Why Record Management

business man financial inspector and secretary making report, calculating or checking balance. Internal Revenue Service inspector checking document. Audit concept


Studies disclose that in most corporate environments, workers spend up to 40% of their time trying to locate documents needed in their daily routines. Time spent searching for and re-creating documents that already exist and shuffling through unstructured information can account for a huge amount of wasted time. As a result, documents are a tactical liability if they fail to perform optimally and cause inefficiencies in the business processes they support. Clearly, the tactical implications of document mismanagement can be significant.

Stacks of statistics from various sources point to the unwavering cost of creating, maintaining, and retrieving documents to corporate America – estimated to reach as much as 15% of annual revenue.

Effective document management can dramatically lower these expenses in terms of reducing reliance on paper and printing and alleviating the administrative costs associated with filing, retrieving, and storing documents.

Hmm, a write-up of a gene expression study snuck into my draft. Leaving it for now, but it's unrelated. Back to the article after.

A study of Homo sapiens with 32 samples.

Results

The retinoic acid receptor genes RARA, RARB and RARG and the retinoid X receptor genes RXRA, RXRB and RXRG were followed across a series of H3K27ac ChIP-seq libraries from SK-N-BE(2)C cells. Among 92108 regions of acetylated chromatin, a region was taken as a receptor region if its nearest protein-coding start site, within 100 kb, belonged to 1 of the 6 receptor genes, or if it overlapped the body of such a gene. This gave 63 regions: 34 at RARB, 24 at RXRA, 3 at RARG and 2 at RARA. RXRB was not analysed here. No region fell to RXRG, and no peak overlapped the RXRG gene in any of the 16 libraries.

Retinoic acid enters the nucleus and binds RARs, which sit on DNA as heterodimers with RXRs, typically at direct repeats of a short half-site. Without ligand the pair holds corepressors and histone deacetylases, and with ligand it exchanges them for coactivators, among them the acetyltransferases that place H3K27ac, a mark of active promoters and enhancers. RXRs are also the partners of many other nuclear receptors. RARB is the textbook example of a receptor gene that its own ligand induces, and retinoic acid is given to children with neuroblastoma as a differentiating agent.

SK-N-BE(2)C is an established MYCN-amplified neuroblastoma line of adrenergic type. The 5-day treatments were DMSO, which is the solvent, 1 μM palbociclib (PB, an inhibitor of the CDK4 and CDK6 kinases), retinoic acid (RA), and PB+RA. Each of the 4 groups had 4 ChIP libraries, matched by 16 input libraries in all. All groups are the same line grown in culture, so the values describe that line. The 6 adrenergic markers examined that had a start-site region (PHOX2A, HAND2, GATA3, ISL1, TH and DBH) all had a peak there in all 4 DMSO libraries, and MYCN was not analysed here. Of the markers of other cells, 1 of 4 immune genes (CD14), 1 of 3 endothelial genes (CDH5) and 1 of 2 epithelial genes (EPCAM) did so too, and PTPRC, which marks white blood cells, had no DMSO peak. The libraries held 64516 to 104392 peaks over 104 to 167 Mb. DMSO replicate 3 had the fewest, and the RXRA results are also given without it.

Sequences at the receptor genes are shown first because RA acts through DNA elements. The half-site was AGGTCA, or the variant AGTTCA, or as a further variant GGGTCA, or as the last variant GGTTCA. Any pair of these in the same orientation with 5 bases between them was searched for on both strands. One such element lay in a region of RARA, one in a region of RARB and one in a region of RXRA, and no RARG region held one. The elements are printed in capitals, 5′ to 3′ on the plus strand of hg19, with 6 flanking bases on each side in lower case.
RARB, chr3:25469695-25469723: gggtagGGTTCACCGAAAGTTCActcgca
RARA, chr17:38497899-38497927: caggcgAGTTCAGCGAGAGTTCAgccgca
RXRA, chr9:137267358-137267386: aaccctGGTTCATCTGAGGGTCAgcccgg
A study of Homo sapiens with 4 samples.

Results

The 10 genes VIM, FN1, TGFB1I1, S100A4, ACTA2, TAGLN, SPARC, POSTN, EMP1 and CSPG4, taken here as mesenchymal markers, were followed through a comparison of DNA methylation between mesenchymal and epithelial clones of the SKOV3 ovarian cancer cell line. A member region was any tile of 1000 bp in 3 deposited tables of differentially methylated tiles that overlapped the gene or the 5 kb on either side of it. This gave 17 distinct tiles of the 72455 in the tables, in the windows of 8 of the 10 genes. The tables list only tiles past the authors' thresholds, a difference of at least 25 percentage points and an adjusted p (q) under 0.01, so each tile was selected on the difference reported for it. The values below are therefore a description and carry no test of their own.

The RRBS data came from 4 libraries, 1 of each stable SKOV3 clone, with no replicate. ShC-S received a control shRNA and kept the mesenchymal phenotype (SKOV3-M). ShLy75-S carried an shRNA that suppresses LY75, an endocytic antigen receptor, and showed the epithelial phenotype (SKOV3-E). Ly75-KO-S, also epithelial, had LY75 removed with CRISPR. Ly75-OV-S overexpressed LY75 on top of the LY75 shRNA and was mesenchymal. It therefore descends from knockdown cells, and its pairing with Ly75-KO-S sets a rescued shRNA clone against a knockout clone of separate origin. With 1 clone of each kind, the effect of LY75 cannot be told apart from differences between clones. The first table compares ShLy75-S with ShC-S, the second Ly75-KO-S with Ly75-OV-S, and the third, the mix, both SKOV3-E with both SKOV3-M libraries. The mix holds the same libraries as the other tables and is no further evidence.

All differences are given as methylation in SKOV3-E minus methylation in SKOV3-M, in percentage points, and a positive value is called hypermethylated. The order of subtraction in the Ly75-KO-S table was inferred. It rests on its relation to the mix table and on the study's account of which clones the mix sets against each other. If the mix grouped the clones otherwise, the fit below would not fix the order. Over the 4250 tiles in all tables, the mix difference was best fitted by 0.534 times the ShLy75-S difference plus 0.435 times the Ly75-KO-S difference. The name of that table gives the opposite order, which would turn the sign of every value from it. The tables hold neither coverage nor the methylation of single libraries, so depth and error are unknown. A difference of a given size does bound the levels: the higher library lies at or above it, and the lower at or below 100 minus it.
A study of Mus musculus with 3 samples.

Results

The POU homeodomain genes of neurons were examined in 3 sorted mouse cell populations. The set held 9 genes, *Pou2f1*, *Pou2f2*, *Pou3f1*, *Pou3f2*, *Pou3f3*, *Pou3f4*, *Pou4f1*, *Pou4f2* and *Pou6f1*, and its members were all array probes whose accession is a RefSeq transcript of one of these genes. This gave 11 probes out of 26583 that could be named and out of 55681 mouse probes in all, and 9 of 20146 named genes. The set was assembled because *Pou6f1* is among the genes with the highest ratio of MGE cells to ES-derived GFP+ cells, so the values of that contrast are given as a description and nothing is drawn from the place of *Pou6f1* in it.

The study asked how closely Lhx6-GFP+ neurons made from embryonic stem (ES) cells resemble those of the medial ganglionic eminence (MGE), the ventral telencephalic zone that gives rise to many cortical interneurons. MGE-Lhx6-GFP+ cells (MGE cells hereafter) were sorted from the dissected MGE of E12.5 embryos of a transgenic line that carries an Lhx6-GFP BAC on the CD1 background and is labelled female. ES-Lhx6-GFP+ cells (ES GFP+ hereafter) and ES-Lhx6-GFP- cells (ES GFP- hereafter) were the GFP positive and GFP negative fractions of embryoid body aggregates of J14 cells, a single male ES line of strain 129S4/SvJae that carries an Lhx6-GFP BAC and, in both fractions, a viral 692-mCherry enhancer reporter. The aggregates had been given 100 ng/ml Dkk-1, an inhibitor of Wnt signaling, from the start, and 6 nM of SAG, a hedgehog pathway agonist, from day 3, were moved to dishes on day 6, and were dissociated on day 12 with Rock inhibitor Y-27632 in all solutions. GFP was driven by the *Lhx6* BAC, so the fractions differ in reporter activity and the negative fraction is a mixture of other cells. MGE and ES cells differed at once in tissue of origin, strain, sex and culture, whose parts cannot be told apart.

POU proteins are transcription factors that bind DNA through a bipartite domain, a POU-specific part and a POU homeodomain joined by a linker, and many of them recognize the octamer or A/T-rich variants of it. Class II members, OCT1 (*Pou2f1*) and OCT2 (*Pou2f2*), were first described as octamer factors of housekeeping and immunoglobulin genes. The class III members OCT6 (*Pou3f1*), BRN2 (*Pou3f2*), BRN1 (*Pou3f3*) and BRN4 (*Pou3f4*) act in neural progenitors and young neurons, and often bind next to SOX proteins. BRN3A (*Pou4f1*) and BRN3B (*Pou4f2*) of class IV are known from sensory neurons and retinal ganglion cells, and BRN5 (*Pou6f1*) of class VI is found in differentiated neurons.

Regulatory compliance is a growing concern in today’s business environment. A rising number of regulations from the state, federal, and industry levels have resulted in increasingly severe risks and penalties for non-compliance. Businesses that fail to address these risks are subject to fines, lawsuits, and loss of market share. The consequences of non-compliance can be significant and can result in imprisonment for the most egregious offenders. Changes in legislation such as Basel II and Sarbanes-Oxley have identified the critical nature of storing data in an environment that is safe from potentially damaging influences of all types.

The financial and records management industries both predict that the legislation will become increasingly demanding and complex. More importantly, security has become of paramount importance, guaranteeing that your records are safe from identity theft, data corruption, and information contamination.


Missing Records

According to a Cooper’s and Lybrand study, a sample office that generates 200 documents in a week will lose at least fifteen of them. To further illustrate, contemporary analysis indicates that each one of your misfiled records will cost your organization a minimum of $100 US to search, locate, and/or reproduce. An efficient document management system can reduce these costs by removing files that are no longer needed but cannot be discarded.